Manuel Pellegrini claims he has agreed to take over as manager of Manchester City at the end of the season and just needs to put pen to paper on his new contract to finalise the move. The 59-year-old Chilean coach also confirmed in an interview with Malaga's Canal Sur radio station that he had chosen City over Paris Saint-Germain despite strong interest from the French club.
City are likely to wait for Malaga, his Spanish club, to play their last game of the season away to Barcelona on Saturday before they officially announce his arrival, and Pellegrini said: "City have shown a lot of interest in me becoming their new coach. My agent has spoken at length with them. There is nothing signed still so I cannot say that I am their coach but I don't see that there will be any problems. I have a verbal agreement and I hope that it can be executed."
Asked about interest from other clubs, Pellegrini added: "PSG is a very important institution – one of the most important in Europe – and they put themselves in contact [with me] but the priority was to work with [Manchester City]."
A move to the Premier League will put Pellegrini up against one of his current La Liga foes, Jose Mourinho. The Chelsea-bound Real Madrid manager famously said he could not be compared to Pellegrini, his predecessor at Madrid, because if he was fired he would not "end up at Malaga".
But Pellegrini said: "If we meet again then there will be no problem with Mourinho. We are two very different people who just happen to do the same job. We have two different ways of behaving and of going about doing that job. I was proud to come to Malaga; it was one of the best decisions I have ever made."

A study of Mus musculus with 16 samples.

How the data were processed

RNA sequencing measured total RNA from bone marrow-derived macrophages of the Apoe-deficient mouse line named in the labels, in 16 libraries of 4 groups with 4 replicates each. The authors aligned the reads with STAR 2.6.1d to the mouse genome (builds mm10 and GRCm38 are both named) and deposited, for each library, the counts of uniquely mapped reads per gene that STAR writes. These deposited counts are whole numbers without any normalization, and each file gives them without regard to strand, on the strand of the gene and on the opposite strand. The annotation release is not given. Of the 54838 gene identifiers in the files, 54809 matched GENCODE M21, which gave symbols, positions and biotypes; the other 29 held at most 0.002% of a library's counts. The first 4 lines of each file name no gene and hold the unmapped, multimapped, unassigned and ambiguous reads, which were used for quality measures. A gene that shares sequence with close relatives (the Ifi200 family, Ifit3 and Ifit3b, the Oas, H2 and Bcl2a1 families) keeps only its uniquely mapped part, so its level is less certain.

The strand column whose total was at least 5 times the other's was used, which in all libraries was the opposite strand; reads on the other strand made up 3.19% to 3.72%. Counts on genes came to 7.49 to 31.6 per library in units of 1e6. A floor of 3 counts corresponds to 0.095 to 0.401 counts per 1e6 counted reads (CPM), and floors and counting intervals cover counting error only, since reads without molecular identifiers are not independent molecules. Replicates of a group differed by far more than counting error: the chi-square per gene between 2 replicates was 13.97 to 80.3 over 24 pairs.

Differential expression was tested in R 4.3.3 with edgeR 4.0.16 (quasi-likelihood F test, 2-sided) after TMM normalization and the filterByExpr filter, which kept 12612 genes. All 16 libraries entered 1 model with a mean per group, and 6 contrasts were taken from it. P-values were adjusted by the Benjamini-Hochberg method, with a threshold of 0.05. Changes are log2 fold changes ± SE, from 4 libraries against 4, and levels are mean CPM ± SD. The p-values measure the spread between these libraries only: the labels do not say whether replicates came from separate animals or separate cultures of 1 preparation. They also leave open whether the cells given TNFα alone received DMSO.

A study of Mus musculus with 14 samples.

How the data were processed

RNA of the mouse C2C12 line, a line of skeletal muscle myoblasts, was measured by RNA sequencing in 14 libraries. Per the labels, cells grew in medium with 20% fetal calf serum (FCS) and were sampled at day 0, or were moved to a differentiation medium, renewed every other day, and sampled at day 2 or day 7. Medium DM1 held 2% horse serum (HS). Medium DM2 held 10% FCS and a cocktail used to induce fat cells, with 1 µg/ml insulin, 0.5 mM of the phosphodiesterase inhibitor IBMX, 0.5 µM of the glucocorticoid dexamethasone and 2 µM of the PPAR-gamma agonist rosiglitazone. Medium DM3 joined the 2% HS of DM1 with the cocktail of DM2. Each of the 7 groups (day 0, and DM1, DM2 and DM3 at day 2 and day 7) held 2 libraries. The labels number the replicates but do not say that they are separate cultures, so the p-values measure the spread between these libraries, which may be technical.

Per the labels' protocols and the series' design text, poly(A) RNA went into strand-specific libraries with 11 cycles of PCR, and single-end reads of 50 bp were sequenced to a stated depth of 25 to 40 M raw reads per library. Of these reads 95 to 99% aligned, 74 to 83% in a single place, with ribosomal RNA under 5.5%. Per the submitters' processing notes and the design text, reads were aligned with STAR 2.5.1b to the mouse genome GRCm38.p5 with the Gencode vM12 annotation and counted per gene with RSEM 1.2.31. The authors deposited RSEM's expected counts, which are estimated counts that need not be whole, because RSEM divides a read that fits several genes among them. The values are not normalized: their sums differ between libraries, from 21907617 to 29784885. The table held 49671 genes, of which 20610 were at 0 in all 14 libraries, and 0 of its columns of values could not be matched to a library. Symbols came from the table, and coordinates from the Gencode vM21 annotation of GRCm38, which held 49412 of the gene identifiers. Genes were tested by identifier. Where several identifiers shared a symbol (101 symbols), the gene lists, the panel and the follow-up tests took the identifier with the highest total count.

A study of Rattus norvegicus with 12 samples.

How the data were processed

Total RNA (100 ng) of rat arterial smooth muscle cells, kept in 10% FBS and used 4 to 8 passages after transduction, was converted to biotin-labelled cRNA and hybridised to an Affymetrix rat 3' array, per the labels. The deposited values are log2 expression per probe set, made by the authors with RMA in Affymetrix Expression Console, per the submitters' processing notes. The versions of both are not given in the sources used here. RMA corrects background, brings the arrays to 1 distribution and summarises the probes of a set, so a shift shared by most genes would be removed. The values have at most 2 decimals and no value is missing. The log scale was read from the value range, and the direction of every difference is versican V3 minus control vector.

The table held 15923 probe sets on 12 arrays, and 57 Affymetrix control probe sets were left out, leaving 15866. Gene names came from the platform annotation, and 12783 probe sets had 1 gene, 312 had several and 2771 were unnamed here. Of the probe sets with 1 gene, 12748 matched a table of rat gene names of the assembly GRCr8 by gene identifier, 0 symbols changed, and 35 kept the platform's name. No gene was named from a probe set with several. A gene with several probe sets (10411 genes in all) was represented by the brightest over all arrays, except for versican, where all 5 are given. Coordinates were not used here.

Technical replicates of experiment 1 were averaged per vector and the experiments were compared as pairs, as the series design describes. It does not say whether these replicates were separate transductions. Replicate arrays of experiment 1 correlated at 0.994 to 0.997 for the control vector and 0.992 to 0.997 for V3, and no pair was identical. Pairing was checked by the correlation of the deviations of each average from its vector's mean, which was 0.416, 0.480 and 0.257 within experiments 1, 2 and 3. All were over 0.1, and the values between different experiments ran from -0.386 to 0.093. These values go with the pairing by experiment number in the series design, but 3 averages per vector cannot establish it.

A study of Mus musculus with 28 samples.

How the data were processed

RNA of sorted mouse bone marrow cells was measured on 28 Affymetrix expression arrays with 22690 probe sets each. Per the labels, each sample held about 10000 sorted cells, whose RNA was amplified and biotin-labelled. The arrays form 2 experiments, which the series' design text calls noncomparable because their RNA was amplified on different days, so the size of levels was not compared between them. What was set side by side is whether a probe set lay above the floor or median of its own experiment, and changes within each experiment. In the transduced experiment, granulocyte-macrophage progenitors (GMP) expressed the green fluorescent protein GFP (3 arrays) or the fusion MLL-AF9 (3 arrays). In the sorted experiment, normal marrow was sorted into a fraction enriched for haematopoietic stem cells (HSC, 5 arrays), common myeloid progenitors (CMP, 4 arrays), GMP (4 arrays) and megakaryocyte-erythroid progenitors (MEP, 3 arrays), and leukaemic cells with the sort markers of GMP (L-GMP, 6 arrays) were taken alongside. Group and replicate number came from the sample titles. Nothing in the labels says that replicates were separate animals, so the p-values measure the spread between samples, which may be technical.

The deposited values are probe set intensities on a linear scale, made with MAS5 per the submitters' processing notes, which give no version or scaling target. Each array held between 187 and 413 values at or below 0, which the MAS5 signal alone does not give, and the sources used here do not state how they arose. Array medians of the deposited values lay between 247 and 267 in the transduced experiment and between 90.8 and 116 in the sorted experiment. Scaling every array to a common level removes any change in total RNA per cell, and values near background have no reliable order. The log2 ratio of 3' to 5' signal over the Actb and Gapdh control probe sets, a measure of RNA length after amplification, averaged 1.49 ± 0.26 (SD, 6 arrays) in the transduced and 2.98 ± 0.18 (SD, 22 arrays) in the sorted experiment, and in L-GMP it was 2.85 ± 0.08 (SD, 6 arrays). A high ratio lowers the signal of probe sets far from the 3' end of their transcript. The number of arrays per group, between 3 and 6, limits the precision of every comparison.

Pellegrini's agent, Jesus Martinez, has also been instrumental in moving Malaga's 21-year-old Spain international Isco close to a move to City. Earlier this week the midfielder dismissed attention linking him with Real Madrid, saying: "My priority is to play. This is a very important decision for my future and I don't want to get it wrong. Pellegrini has been my footballing father and I know that he wants me in his new project and I would like to continue with him because he has always put his faith in me."
Former Villarreal coach Pellegrini, who also won the league in Argentina with both San Lorenzo and River Plate, does not want to be seen to be stealing away his current club's best player and was guarded in his appraisal of Isco's situation.
He said: "Wherever he [Isco] goes he will be a success. He has tremendous potential and I am happy that I was able to give him his chance in the first division. He will go as far in football as he wants to go."
Most Malaga supporters are resigned to losing their best player this summer. A banner unfurled at the team's last home game of the season read: "Isco, someone else will enjoy you next season; we will enjoy your triumphs from afar." The same applies to Pellegrini. Such is the depth of gratitude felt for the out-going coach that a roundabout near Malaga's La Rosaleda stadium is to be named after him. "I don't deserve it," he said, "the roundabout, the badge of merit [awarded to him last week by Malaga's town council] and the general affection of the people. I will never forget the send-off last week in the last home game or the minute's silence from the supporters against Osasuna in April after my father passed away."
Malaga's visit to Camp Nou at the weekend brings to an end their extraordinary season. "No one would have believed back in July we would have achieved the things we have achieved," Pellegrini said.
The club have finished in a Europa League position but have been handed a one-season ban by Uefa for outstanding debts, a penalty they are appealing against at the Court of Arbitration for Sport. A decision is expected at the start of June.
"I hope they lift the ban; they deserve it. The club has made an effort to put its finances in order," Pellegrini added.